Kochi boasts homage after homage to one of its most famous sons, Tomitaro Makino, considered the father of Japanese botany. From the Makino Botanical Garden not far from Kochi’s downtown to a sake named after Makino brewed in the town of Sakawa, his influence is inescapable. Yet it is the warm and friendly atmosphere that makes Kochi a place to visit again and again.
Plants and Pilgrims
The Makino Botanical Garden, located just 20 minutes from the city center by car or 30 minutes via the My-Yu sightseeing bus, is a vast tribute to the late botanist that displays his life’s work over six hectares of land on Mount Godai. With research facilities, a museum and over 3,000 species of plants — many discovered and named by Makino himself — this is a garden for botany buffs and tourists alike.
Careful cultivation leaves no corner of the grounds untamed, from the entrance with its meticulous replication of Kochi’s diverse vegetation to the conservatory complete with fake birdsong. Several structures blend into the gardens, which curve around the mountain, including buildings designed by renowned architect Hiroshi Naito.
Visitors are free to wander, enjoying beautiful views from the mountain and of plants that bloom in turn throughout the year, such as cherry blossoms in the spring and Makino’s own favorite plant, baika-oren, in the winter. The garden features changing exhibitions curated with flair, including in the conservatory where nooks and crannies are used to accentuate the plant-based artworks.
Garden guests may well spot a pilgrim or two, complete with staff and white hakui coat, heading down the Shikoku Pilgrimage. The route runs right through the middle of the garden and up to Chikurin-ji Temple, located next door.
Chikurin-ji is the 31st stop on the 88-temple pilgrimage. Though traditionally done on foot, any mode of transportation can now be used to travel the route that snakes around the island. Incredibly, Chikurin-ji’s 1,300th anniversary is being celebrated in 2023, and a variety of events have been planned, including light and sound installations. The statue of the sacred Monju Bosatsu (the bodhisattva of wisdom), usually only displayed once every 50 years, will even be on view.
Warm Welcome and Food for All
Back in the city center, local vibes abound. A cacophony of voices spills from Hirome Market, a market hall open from morning until late at night on its open days, and yatai street stalls, where a mishmash of cuisines and dishes are served. Even the fussiest of eaters are bound to find something pleasing amongst the deluge of food.
Kochi is technically a port city, and there are a multitude of fresh seafood stands, including some serving katsuo no tataki, a Kochi soul food consisting of a hefty bonito steak set alight in an Instagrammable display of fish and flame. Those who would prefer something different — or even those who want to try it all — will be pleased by the variety on offer: Everything from a tiny, age-old kissaten stall to an Italian bistro stand to an Indian curry place can be found. Grab a mini seafood plate from a fish stall, eat it with cheese naan and seaweed tempura, wash it down with a local yuzu sour and finish with a cream parfait — because why not? The shops are united by stallholders shouting their wares, each eatery clamoring to be heard over the loud chatter of locals and visitors.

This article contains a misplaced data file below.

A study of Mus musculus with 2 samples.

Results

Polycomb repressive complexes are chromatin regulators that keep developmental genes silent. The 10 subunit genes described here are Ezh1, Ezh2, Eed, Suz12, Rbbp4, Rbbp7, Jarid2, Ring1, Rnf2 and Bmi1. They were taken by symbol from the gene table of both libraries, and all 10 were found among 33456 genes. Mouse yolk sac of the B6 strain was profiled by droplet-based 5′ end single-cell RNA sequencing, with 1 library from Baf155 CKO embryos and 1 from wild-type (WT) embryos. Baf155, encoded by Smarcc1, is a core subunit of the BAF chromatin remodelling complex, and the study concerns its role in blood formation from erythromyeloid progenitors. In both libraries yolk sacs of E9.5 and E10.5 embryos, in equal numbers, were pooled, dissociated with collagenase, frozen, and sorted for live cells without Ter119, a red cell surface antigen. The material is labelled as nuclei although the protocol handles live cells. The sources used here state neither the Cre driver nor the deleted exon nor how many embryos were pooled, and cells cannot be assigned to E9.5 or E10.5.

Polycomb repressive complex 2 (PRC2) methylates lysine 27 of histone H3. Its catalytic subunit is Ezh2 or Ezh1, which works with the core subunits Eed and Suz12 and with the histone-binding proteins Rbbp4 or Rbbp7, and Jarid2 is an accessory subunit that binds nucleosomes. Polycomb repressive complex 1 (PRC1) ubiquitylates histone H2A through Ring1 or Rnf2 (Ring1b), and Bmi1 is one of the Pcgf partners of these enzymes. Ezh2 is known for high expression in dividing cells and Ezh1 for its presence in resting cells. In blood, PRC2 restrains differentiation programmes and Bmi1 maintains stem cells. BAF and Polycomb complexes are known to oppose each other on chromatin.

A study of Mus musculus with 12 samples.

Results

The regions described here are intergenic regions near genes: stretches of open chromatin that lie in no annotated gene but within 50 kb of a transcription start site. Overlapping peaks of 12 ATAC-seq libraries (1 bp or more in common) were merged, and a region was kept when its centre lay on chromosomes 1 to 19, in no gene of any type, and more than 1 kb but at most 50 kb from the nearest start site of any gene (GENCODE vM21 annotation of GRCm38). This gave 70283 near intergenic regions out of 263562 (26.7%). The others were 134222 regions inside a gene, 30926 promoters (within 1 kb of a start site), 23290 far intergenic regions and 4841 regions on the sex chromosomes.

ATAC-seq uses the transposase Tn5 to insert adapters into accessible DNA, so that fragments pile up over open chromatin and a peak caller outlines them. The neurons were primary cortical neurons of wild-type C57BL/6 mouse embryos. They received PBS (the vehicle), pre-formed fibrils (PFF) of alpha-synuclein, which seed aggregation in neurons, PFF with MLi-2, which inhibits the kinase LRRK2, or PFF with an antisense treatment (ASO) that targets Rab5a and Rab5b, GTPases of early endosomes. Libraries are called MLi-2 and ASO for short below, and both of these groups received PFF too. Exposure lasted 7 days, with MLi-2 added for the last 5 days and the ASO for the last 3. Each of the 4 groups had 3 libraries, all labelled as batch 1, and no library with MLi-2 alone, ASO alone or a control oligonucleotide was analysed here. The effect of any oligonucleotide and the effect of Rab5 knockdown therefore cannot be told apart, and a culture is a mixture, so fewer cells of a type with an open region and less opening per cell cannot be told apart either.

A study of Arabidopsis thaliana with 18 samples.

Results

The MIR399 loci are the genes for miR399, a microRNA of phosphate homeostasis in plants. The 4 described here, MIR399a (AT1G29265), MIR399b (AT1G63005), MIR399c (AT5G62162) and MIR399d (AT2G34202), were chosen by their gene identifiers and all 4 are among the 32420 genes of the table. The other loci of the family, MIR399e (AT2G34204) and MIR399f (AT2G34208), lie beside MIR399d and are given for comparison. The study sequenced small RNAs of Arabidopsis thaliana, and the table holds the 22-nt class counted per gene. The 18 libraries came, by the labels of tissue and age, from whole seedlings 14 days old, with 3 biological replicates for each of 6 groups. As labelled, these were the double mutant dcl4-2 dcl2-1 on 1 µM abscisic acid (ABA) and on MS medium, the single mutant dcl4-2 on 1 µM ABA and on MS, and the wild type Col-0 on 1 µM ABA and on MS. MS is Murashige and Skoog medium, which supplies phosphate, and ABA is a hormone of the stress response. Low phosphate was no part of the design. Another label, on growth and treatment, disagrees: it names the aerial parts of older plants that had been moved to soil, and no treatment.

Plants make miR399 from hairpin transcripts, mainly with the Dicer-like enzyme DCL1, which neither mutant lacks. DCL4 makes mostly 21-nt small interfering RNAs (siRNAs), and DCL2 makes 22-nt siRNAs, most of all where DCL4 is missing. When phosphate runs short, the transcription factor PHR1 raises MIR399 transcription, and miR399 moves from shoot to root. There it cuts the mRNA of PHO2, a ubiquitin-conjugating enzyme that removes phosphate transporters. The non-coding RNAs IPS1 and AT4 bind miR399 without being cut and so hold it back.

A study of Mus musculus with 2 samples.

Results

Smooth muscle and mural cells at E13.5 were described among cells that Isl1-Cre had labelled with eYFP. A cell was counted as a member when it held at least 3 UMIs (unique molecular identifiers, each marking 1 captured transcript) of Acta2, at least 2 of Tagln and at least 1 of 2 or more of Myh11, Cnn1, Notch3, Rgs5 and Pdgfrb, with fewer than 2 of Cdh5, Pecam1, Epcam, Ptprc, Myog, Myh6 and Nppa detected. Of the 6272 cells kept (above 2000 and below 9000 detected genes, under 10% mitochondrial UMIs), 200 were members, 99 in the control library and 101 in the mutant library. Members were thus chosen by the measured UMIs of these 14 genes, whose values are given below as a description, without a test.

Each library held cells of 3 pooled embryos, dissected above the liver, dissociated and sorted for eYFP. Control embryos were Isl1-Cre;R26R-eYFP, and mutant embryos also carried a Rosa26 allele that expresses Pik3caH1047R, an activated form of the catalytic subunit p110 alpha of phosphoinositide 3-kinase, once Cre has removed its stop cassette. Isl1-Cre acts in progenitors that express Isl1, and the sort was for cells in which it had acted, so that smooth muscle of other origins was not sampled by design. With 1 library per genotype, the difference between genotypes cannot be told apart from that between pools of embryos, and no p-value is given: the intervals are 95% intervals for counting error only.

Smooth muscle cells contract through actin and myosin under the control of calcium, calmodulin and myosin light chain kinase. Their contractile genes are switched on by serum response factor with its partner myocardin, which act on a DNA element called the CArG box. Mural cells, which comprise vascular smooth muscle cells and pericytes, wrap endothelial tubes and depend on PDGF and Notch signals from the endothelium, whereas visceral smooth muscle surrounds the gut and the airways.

Late night snackers should head over to Yasubee, a celebrated outdoor gyoza joint serving dumplings and oden until the early hours.
Time Slip in Makino’s Hometown
A 40-minute drive from Kochi City lies the town of Sakawa, the birthplace of Makino and the location of his grave, which is situated inside a namesake park. Makino Park is characterized by hundreds of tiny placards, each labeled in Japanese with a plant name. Local volunteers, including schoolchildren, keep the park spick-and-span, maintaining its many paths and categorizing the plants. The view from the park is impressive, right over the town below and through to the mountains beyond.
Sakawa is known for its long, rich history. By simply strolling around the area, you’ll spot a variety of historical buildings and other town features dating back hundreds of years — and replicas, too. Local visitors often make day trips to the area, savoring the peaceful atmosphere and learning a little about Makino along the way. As such, the town has several quaint eateries and coffee shops, some serving the local specialty of eel. Depending on the restaurant, with advance notice, you may be able to have special dietary requirements accommodated.
A defining feature of the town is its sake production, specifically nihonshu, which is often referred to as Japanese rice wine in English. Sakawa is home to Tsukasabotan, a brewery formed by the merger of several town breweries — including one once owned by the Makino family — that can trace its history back 420 years. The brewery now owns many of the buildings on Sakagura-dori (sake brewery street), and winter mornings are heralded by the aroma of sake brewing, steam rising from Tsukasabotan’s grates. Makino fans will delight in its Makino sake, which makes the perfect souvenir for friends back home who want to know all about the famous botanist.
Of course, to truly get to know Makino and the region that raised him, they’ll have to visit Kochi for themselves — as will you. The city and its many charms await.